Bianca was first raped three days before she sat her HSC trials. The same man attacked her again later that year and again two years after that assault.
She didn’t tell anyone about the first rape because she didn’t know where to go.
“I became depressed and anxious, I was hyper-vigilant all the time,” she said.
“I started to have panic attacks and flashbacks and I started to self-harm and started to toy with death, attempting suicide many times.”
Bianca, now 27, said she struggled to find appropriate treatment and support for 10 years, and over that time was repeatedly misdiagnosed and made to feel ashamed by the medical profession.
Then six months ago, she started treatment with Wollongong-based consultant psychiatrist Karen Williams, who specialises in post-traumatic stress disorder (PTSD).
Bianca says the specialised trauma care she received has saved her life.
Fortunately, Dr Williams says, a new all-female mental health facility for women with PTSD caused by domestic, family and sexual violence — set to open in Wollongong — may mean others in Bianca’s situation will receive the right help much sooner.
New centre, new hope
For years Dr Williams has been part of a push led by the Illawarra Women’s Health Centre to see the creation of a dedicated Women’s Trauma Recovery Centre.
That project was granted $25 million for a five-year program in the recent federal budget.
But Dr Williams said she also saw a need for inpatient services to treat women, so she contacted Ramsay Mental Health Australia director Anne Mortimer, explained what she was trying to achieve, and asked if the private health service could give her “just one ward”.
“And after listening to me she said, ‘What if I give you a hospital?’ and in that single sentence everything changed,” Dr Williams said.
The result is Australia’s first all-female, trauma-informed, mental health facility, which is due to open in August.
The 43-bed unit will offer dedicated treatment of complex PTSD among women who have suffered domestic and sexual abuse.
Ms Mortimer has asked Dr Williams to lead the new hospital.
‘I had a whole path of destruction’
Bianca said if she had been able to receive appropriate trauma care — with access to all-female therapy groups — years ago, her life may have been different.
“I was misdiagnosed with anxiety, depression, BPD [borderline personality disorder], bipolar,” she said.
“I was told I was just a ‘sensitive person’ by professionals who didn’t understand why my behaviours and emotions were the way they were because I was raped multiple times.”
She cut and burnt herself and repeatedly overdosed.
“I had this whole path of destruction for the next 10 years because I didn’t have the right treatment,” she said.
“Once I started getting the proper treatment … I started looking after myself and prioritising myself and understanding that there is nothing wrong with me.”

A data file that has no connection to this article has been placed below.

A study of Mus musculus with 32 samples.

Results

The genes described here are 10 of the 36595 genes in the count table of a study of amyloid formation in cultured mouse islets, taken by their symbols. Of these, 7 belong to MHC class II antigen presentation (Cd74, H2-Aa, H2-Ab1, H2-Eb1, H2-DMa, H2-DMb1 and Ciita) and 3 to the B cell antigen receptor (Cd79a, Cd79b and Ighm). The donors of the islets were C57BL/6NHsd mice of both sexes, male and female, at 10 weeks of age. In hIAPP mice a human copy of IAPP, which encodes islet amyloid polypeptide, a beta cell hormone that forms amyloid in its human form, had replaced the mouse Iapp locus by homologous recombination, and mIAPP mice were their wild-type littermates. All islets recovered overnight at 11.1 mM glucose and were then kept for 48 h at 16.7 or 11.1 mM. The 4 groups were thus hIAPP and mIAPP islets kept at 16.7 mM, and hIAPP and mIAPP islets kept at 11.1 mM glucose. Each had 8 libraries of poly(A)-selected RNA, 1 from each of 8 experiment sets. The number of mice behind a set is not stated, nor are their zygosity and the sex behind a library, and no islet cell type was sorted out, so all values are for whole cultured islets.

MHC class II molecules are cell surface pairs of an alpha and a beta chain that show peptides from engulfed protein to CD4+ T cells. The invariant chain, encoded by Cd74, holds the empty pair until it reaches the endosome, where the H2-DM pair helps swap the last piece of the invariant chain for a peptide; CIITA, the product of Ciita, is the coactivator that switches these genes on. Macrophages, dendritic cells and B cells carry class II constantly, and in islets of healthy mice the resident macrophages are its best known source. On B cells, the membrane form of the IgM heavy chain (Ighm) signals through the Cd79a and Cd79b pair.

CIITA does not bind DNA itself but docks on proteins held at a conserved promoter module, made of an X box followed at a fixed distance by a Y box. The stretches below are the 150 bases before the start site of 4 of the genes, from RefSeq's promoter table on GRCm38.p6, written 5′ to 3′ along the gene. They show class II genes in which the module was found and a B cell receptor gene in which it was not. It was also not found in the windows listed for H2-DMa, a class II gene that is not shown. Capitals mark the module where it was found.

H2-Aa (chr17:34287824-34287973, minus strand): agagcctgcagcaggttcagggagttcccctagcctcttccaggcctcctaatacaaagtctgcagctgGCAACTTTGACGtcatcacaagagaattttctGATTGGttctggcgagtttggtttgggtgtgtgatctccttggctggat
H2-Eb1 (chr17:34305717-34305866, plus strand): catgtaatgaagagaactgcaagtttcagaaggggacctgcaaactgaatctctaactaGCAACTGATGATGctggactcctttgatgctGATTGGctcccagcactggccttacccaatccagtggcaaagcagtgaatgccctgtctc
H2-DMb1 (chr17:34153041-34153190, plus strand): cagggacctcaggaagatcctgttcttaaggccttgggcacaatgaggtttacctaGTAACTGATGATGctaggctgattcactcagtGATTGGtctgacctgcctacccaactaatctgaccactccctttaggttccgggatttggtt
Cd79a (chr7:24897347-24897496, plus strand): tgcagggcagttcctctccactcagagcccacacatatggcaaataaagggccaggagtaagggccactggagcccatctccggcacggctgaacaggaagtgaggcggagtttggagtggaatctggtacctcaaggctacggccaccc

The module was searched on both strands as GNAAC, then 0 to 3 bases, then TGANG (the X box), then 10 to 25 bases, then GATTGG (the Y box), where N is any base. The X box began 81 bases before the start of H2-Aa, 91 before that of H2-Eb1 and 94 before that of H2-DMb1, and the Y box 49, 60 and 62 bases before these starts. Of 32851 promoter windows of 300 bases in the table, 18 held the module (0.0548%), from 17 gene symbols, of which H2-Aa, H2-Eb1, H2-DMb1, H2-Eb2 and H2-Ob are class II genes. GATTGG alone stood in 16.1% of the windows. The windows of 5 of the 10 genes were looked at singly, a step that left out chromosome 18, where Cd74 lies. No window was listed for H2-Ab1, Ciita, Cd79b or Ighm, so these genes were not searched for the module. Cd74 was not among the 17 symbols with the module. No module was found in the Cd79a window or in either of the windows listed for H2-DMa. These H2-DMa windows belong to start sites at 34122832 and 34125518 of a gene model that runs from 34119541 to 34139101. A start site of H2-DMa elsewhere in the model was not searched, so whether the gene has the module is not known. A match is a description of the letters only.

‘Game-changer’ for women
Ramsay Health is spending about $8 million to renovate a disused rehabilitation clinic in Thirroul just north of Wollongong for the new hospital.
“I think it is going to be a game-changer, it’s going to offer a completely different style of therapy,” Dr Williams said.
She said women and children who came to her for treatment had often previously been forced to share the space in a PTSD group with men who could potentially trigger their PTSD.
“You could imagine the survivor of rape being in a group with a big burly policeman or soldier — they are not going to feel comfortable in that setting and therefore the treatments are not always helpful,” she said.
Psychologist Merrylord Harb will lead the hospital’s group work and said it would be a space where women could feel safe, worthy, have trust and choice.
“The programs are designed to help women understand their experience and what they have been through, they are trauma informed from the beginning, middle and end,” she said.
“When you misdiagnose a woman, they get put in the too-hard basket and no woman is too hard.
“These are normal women who are going to be given the opportunity to find themselves and grow themselves.”
Hopes for future public beds
Initially the facility will be private and available to women with private health insurance, but Dr Williams said she was very hopeful of a public-private collaboration in future.
“We all acknowledge it would not be fair or equitable that people who do not have money can’t afford it, but we have to start somewhere,” she said.
“At this stage where we have nothing at all we are happy to have this to show that it works to prove that the concept is important and worthwhile and using the results to argue this should be available to all women around Australia.”
Bianca said it should not have taken 10 years for her to find the care she needed.
“I am incredibly grateful that I am one of the lucky ones who can afford the trauma care I need and I shouldn’t have to be grateful for that, I deserve it,” she said.